More older Australians are taking advantage of the Pension Work Bonus scheme to top up their retirement incomes through paid employment.
National Seniors last year successfully campaigned for an increase in the amount of money age pensioners can earn through the scheme as part of its federal budget submission.
The scheme allows age pensioners to earn an average of up to $250 a fortnight ($6,500pa), without it affecting their pension entitlements. That threshold will increase on 1 July to $300 a fortnight, or a maximum of $7,800pa.
Minister for Human Services and Digital Transformation Michael Keenan said about 150,000 pensioners had used the scheme in the past year, representing about 6% of all age pensioners.
“The scheme gives older Australians who want to continue working a chance to earn a bit of extra spending money whenever it suits them, without having to worry about their pension entitlements being affected,” Mr Keenan said.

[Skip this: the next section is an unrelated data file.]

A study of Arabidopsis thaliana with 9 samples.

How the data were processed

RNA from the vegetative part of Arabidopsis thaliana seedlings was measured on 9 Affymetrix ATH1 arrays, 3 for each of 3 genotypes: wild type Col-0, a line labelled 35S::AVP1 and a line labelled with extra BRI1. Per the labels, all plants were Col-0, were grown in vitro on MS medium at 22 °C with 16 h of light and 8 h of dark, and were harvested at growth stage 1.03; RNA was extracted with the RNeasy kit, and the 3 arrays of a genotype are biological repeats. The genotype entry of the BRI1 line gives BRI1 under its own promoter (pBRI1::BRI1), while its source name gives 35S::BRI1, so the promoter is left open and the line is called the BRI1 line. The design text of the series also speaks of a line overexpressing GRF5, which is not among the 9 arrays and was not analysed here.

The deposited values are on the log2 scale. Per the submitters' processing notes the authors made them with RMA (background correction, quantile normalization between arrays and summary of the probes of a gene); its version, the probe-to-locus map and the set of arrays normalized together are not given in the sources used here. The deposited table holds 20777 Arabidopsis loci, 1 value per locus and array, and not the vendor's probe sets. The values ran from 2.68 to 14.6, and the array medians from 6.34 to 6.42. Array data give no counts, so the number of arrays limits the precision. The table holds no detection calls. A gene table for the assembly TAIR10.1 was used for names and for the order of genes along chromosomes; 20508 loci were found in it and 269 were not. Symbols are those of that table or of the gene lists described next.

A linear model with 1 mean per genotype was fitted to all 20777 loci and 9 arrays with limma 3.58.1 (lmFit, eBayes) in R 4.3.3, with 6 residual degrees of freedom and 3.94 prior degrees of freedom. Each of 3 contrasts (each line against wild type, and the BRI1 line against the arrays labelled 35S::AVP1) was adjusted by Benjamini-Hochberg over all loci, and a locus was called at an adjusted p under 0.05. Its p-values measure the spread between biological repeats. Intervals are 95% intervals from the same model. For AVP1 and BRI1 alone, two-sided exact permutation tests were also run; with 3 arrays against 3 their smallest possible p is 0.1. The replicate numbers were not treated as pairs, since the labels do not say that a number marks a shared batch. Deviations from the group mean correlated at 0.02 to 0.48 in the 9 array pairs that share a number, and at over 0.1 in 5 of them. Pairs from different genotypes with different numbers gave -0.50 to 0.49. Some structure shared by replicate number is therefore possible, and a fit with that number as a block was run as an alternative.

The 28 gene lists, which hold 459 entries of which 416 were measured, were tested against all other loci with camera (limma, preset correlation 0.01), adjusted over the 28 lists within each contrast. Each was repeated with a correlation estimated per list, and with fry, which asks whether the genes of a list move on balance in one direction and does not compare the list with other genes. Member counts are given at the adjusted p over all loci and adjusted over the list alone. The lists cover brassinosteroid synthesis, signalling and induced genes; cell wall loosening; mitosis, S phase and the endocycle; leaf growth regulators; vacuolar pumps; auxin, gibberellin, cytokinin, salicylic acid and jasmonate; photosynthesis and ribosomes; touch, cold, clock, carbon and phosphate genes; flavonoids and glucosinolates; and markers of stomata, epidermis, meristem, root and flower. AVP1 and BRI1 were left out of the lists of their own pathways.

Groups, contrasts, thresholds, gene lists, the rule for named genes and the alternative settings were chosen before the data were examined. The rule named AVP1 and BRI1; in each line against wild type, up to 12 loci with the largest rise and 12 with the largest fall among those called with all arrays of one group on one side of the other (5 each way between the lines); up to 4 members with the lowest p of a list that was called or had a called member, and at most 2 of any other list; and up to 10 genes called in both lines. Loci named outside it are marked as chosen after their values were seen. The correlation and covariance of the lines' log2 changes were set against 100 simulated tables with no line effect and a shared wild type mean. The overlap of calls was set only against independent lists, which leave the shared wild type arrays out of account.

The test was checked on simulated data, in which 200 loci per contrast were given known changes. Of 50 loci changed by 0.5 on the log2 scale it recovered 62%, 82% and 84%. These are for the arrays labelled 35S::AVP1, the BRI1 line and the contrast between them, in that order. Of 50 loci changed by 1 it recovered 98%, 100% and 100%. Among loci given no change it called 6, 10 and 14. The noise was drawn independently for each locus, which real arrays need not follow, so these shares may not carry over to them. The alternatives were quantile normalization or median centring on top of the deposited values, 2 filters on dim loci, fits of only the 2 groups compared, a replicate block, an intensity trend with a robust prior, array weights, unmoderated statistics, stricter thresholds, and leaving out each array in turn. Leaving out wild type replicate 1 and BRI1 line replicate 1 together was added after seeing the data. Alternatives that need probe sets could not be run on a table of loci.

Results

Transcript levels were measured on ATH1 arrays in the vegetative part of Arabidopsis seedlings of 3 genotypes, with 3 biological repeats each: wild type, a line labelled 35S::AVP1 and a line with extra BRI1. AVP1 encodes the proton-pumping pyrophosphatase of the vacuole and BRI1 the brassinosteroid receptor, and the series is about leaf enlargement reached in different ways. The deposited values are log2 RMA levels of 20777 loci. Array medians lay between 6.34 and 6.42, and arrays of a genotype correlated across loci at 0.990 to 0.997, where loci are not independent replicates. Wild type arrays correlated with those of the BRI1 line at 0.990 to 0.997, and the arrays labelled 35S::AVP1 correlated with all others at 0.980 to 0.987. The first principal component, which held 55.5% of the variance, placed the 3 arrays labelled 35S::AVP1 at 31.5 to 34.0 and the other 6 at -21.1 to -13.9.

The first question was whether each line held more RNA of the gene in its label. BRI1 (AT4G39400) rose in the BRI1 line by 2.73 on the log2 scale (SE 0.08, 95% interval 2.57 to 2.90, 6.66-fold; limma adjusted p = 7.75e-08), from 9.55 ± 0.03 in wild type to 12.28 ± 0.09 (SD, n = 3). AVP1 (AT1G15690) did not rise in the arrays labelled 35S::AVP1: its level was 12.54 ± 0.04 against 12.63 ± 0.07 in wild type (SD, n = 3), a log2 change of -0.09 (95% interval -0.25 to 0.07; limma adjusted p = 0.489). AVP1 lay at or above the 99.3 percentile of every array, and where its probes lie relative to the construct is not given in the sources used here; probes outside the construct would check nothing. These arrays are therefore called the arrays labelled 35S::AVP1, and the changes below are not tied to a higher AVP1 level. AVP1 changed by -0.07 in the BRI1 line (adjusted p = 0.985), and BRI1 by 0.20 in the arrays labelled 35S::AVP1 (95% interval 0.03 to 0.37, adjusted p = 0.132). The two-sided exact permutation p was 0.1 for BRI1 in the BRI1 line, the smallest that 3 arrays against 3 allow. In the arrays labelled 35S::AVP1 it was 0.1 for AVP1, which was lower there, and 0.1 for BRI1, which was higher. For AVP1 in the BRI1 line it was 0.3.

“It also enables them to continue to make a valuable contribution to their community by taking on vitally important casual jobs such as school crossing guards, exam markers or even vote counters at election time.
“Given the seasonal nature of many of those jobs, the scheme allows pensioners to earn more in some weeks and less in others, as long as they do not exceed the annual cap.”
From 1 July, pensioners will also be able to register for the scheme as being ‘self-employed’, giving them even more opportunities to use the skills they have gained over a lifetime of work to supplement their retirement incomes.
Age pension recipients do not need to apply for the Work Bonus, but simply need to tell the Department of Human Services when they start working so the Work Bonus can automatically apply to their income test.
For more information about the Work Bonus, click here.